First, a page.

Thursday, 19 October 2017 16:07

Louisiana throws elections but nobody comes


The New Orleans Times Picayune headlined that “We should be ashamed of the abysmal voter turnout.” But maybe that’s not the right message. Perhaps it’s the legislature that ought to be ashamed for having the election to begin with. There are five scheduled elections this year alone. Is it really that necessary to hold five different elections in one year? Of course not. And for that matter, there is really no necessity to hold any elections in Louisiana this year at all.

There is a statewide federally mandated congressional election less than one year away. Every item on the current ballot could have been held at that time without any disturbance to the daily operations of state government. The current election cost taxpayers over $6 million. There are a lot of tax dollars to be saved by consolidating election dates.

And what was so important that just had to be placed on the ballot now? A vacancy for state treasurer? The treasurer has limited duties to collect and invest tax dollars, but there are strict legislature requirements as to how the money is to be collected and spent. There is as good argument to make that the job should not be elected at all. Many states appoint the treasurer.

How about those three constitution amendments? Well, we have gotten along just fine without each of them since our last constitution was adopted back in 1973. And quite frankly, none of the three were really all that necessary and should have been handled by the legislature in its normal course of passing laws. Does anyone reading this column remember what you voted for?

But New Orleans held an election, right? Yes, but the city should tie its election date to one of the regular statewide elections beginning in 2018. That’s what most cities do all over the country. Did you read or hear of any other city or state holding an election in October? Of course not. Most elections are held at the same time as federal elections. Why should voters all over the state pay for New Orleans to have their special election date?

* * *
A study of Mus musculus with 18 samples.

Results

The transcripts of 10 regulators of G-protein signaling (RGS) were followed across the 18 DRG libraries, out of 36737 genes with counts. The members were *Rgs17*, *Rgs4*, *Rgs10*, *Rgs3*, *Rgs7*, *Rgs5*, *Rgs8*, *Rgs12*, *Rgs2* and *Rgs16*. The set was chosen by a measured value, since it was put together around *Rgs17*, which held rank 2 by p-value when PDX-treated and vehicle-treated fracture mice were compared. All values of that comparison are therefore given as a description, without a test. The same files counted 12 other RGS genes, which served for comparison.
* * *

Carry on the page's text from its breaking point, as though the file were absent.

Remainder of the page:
And how about letting Hard-Working Undocumented Immigrants Vote? Just kidding. I wanted to see if you’re still paying attention.

Louisiana Treasurer Race

Why can’t our legislators make voting easier? The world has changed in so many ways. You can buy, sell, conduct business, pay your bills and taxes, and interrelate in just about any possible way over the Internet with the exception of how you vote. Why does one have to get in their car, drive to a polling location, wait in line, all just to vote? Isn’t it possible to design a system to allow voting electronically wherever you happen to be?

Oh, the naysayers will holler wide spread election fraud. I disagree. A voter could enter their social security number on a smart phone and cast their ballot. Yes, it would be possible to use a family member’s number to illegally vote. But someone who would attempt such a scheme is messing with your right to pick those who run the country and keep us safe. So stick them criminally if any attempt is made to defraud the system. How about a minimum of ten years in jail for such perpetrators?

Poll after poll indicates that Louisiana citizens have little confidence in how their state is being run. But the present system offers little incentive and too many roadblocks to make voting easier. Maybe a little creative thinking by legislators in Baton Rouge could help in getting voters out of their current doldrums. There is really not much at stake. Well, except for the future of our kids and our quality of life.


“Bad officials are elected by good citizens who do not vote.” — George Jean Nathan

Peace and Justice

Jim Brown

Jim Brown’s syndicated column appears each week in numerous newspapers throughout the nation and on websites worldwide.  You can read all his past columns and see continuing updates at You can also hear Jim’s nationally syndicated radio show each Sunday morning from 9 am till 11:00 am, central time, on the Genesis Radio Network, with a live stream at


Read 2168 times Last modified on Thursday, 19 October 2017 16:47
Jim Brown

Jim Brown is a Louisiana legislator, Secretary of State and Insurance Commissioner.